August 21st-25th: the 2011 edition of the Paris-Brest-Paris Randonnée, an event so huge and intricate to organise that it only takes place every four years. It was only the 17th running of PBP since 1891, a big thing to say the least for the Audax Club Parisien that promotes it and the thousands who ride.
Cyclists from 45 countries have trained and qualified in a series of increasingly long rides under the auspices of Audax, the governing body of long-distance timed cycling, to earn the honour of suffering 1,200km-plus over potentially four days and four nights. 1,500 volunteers in eight control towns, from Saint-Quentin-en-Yvelines near Paris to Brest on the Britanny Atlantic Coast and then back again see stalwart cyclists in an increasing state of fatigue as they grab food and a few hours of sleep under tables and across chairs.
The formal aim is to beat between 80 and 90 hours depending on age and bicycle style but everyone has their own internal target based on who they're riding with and past experience. In 2007, the fastest riders finished in 44 hours 48 minutes but it was a bad year for weather and only 3,603 competitors out of 5,311 completed successfuly within their time limits. We're still looking forward to final stats on the 2011 edition.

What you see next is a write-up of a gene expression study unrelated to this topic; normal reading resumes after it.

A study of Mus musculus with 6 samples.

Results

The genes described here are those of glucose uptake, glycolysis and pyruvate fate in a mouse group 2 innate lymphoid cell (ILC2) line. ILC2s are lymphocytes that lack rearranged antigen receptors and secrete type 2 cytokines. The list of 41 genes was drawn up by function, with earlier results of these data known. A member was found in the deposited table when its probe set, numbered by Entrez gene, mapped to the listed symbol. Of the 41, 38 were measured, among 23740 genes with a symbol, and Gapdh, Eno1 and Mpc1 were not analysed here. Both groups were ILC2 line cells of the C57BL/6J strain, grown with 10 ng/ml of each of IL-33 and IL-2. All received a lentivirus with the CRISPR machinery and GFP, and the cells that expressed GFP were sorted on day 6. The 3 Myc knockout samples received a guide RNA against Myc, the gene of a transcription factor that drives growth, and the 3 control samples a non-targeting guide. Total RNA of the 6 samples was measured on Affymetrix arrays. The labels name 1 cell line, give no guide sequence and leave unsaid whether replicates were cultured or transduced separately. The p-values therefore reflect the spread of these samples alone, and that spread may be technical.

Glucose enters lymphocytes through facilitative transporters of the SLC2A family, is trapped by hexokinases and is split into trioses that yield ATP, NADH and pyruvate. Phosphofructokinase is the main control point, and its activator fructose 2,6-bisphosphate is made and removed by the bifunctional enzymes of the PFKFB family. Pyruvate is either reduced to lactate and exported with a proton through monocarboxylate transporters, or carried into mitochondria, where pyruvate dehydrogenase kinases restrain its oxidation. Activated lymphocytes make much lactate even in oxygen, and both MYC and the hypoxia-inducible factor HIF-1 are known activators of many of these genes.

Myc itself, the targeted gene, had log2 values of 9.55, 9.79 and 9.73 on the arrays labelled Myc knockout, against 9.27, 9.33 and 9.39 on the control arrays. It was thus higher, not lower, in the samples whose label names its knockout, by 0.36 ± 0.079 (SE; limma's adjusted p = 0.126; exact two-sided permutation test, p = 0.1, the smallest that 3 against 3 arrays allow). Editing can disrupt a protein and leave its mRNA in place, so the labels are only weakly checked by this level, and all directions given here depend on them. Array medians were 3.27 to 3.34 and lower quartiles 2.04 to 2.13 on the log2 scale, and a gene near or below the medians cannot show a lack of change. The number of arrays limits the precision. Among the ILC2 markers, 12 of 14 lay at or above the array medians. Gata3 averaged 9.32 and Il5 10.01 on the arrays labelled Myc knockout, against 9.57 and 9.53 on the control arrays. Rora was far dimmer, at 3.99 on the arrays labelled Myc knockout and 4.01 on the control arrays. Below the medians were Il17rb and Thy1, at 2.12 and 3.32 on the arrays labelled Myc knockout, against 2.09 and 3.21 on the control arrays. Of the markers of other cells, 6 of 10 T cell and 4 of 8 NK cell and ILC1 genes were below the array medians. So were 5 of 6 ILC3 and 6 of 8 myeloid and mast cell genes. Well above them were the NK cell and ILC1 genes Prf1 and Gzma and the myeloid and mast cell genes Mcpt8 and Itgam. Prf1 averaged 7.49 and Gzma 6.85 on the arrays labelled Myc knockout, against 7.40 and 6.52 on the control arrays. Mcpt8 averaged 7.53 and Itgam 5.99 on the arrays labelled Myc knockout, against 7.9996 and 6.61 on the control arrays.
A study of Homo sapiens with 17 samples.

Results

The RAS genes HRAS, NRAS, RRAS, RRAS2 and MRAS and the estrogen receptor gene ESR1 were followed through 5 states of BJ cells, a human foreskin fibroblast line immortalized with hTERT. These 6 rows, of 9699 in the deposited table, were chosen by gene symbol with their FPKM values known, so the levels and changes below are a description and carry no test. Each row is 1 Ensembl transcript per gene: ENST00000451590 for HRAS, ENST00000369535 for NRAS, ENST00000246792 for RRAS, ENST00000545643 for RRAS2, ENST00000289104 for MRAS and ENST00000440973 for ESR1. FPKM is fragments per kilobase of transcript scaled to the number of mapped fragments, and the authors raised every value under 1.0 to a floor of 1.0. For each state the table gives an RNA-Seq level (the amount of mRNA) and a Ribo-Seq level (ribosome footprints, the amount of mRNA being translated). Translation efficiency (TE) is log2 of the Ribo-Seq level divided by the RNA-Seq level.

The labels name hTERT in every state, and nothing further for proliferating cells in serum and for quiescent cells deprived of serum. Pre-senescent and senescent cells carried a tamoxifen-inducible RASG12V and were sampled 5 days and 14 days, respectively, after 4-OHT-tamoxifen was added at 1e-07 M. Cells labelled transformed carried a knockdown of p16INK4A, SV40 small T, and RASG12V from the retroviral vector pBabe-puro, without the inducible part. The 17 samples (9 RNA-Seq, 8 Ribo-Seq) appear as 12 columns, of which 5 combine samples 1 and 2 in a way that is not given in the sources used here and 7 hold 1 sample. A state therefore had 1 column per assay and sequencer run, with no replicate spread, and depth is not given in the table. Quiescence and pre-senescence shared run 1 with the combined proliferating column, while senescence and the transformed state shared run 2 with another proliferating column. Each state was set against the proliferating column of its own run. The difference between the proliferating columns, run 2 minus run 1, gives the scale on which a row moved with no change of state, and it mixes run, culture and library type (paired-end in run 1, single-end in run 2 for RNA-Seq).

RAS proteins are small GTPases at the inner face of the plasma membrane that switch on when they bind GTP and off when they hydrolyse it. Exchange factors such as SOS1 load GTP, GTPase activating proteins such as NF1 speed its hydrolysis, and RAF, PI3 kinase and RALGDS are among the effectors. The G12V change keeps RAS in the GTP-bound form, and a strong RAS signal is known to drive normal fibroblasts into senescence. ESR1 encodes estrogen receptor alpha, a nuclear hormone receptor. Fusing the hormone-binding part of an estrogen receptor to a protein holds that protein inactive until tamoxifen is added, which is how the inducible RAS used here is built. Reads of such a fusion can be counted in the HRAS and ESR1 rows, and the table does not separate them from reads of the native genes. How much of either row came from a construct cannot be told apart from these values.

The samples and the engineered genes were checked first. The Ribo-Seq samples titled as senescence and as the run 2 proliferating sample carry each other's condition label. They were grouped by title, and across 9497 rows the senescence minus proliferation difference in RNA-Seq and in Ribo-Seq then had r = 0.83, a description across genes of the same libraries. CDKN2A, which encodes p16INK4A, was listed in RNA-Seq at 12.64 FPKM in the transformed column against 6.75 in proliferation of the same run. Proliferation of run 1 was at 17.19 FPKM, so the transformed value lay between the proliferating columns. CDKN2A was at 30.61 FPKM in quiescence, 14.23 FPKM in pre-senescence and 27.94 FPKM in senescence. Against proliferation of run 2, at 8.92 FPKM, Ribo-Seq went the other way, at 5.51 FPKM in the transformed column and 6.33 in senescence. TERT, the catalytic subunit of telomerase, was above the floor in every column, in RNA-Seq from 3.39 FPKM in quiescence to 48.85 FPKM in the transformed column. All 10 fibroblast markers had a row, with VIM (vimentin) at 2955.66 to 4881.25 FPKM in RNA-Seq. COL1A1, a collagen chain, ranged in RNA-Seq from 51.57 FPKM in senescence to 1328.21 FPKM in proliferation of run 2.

Meanwhile, we have the film made by Audax rider Pete Kelsey of his PBP 2011 supported by the Kelsey family. Pete is a member of the Willesden CC, whose 14 members signed up for PBP 2011 made it the best-represented club of the British contingent. The video is 14 minutes long, so put the kettle on and enjoy.
Be warned, though, that you might want to join Audax UK at the end. As Pete says when we asked him how he felt, "Relieved and elated in equal measure. Relieved to have got back safely and without too much physical damage, and elated to have ridden well, in a lovely country where cyclists are made to feel special, at least for these few days.
"PBP is a joyous human endeavour, not easy but one which any cyclist who's reasonably fit and with correct motivation can achieve. I hope the film shows this and encourages others to have a go."
There's a whole four years to get ready for the next one.